13 Songs, 37 Minutes

EDITORS’ NOTES

It's somewhat improbable that Ceremony’s key flavors are the distinctly different tones of Joy Division and Suicidal Tendencies, but that pretty neatly sums up this Northern California outfit. Ceremony’s early work was bristling and melodic hard punk, and its previous full-length, 2010’s Rohnert Park, injected a whiff of 1979-era Manchester, England (home of Joy Division, The Fall, and an entire genre of post-punk). On Zoo, Ceremony's Matador debut, the quintet melds a fondness for melodic, old-school punk and first-wave post-punk (à la Wire, Swell Maps, Joy Division). The songs zero in on their marks with deftness and unerring precision. The urgency in the repetitive, pummeling “Hysteria,” the galloping guitar riffage of “Citizen,” and the Mancunian gloom of “Repeating the Circle” make clear the band’s intent. Shake two parts musical history—vigorously, violently—with one part brutally tidy, unsparingly disciplined ooomph and serve straight up. It’s a simple recipe for powerful, visceral, and modern punk rock music.

EDITORS’ NOTES

It's somewhat improbable that Ceremony’s key flavors are the distinctly different tones of Joy Division and Suicidal Tendencies, but that pretty neatly sums up this Northern California outfit. Ceremony’s early work was bristling and melodic hard punk, and its previous full-length, 2010’s Rohnert Park, injected a whiff of 1979-era Manchester, England (home of Joy Division, The Fall, and an entire genre of post-punk). On Zoo, Ceremony's Matador debut, the quintet melds a fondness for melodic, old-school punk and first-wave post-punk (à la Wire, Swell Maps, Joy Division). The songs zero in on their marks with deftness and unerring precision. The urgency in the repetitive, pummeling “Hysteria,” the galloping guitar riffage of “Citizen,” and the Mancunian gloom of “Repeating the Circle” make clear the band’s intent. Shake two parts musical history—vigorously, violently—with one part brutally tidy, unsparingly disciplined ooomph and serve straight up. It’s a simple recipe for powerful, visceral, and modern punk rock music.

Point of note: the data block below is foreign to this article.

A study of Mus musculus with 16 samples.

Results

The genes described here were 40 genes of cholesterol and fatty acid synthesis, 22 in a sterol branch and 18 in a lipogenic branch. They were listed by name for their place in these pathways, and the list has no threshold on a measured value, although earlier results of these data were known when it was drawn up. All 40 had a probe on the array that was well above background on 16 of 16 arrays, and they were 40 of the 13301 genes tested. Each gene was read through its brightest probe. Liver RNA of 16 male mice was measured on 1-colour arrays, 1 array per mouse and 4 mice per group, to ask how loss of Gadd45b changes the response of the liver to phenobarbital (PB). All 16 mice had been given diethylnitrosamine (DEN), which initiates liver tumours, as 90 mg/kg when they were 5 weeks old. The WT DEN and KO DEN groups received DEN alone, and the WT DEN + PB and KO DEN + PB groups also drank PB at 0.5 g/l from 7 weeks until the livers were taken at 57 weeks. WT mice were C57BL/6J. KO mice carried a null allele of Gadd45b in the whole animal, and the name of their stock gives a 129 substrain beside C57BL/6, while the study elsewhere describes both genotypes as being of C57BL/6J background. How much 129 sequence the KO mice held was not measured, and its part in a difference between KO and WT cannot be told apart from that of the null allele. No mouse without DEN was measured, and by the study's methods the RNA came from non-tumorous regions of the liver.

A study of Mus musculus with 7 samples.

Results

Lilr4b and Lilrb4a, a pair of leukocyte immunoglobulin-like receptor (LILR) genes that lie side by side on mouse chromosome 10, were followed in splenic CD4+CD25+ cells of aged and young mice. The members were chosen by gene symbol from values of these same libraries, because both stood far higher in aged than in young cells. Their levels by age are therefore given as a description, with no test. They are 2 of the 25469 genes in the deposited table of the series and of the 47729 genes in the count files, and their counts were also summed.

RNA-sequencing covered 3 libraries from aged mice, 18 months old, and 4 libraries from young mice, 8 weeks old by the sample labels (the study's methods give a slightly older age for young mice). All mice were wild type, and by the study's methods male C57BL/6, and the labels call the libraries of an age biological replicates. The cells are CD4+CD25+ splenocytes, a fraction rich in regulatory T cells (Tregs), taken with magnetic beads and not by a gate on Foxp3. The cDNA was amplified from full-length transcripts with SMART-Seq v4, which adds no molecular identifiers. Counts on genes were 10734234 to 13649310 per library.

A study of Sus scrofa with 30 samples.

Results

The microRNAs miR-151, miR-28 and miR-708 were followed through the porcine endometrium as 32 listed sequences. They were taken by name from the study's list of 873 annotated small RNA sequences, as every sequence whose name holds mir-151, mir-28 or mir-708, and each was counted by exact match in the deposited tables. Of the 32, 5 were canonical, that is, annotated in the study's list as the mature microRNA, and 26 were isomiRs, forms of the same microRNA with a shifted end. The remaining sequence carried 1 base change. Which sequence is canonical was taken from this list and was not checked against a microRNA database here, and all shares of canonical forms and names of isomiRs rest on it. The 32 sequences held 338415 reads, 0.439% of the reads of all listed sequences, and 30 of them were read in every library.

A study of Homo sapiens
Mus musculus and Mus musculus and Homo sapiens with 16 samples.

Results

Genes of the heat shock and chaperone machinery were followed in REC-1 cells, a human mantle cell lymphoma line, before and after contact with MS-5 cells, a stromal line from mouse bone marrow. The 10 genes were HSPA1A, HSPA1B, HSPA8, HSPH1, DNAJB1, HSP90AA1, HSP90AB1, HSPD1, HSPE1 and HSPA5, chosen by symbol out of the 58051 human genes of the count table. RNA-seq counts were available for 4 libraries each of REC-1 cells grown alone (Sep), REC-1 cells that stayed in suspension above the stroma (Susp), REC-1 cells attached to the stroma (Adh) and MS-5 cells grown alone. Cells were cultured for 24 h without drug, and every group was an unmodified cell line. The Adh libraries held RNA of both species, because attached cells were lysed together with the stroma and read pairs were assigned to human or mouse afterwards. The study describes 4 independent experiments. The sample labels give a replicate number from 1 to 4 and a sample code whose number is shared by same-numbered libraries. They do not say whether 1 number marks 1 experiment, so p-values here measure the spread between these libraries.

3.6 out of 5
34 Ratings

34 Ratings

Rockers Reggae ,

Good, but not as good.

I kind of saw this coming when there sound started to change from their last album. It's still a good album, but it almost seems like an entirely new band. I hope they change things up again and maybe go back to yelling, but with a fast old school hardcore punk guitar sound. Kind of like GBH.

2 step trumps dubstep ,

Disappointed

Well this is a cool sounding album and its really mellow and trendy but they should have changed the name of the band and just started over. There's nothing to this album Its boring and slow and some off the lyrics are down right stupid. I was sick of Black Flag and sick of the Cromags and thats why i used to listen to Ceremony. it was fun while it lasted Ceremony. These guys don't even tour with hardcore bands anymore. Should have quit while they were ahead. Im so disappointed.

Adtrismydrug ,

Eh

It's not quite Ceremony, they still have nuances of their old sound. I'd rather stick to my Rohnert Park for Ceremony.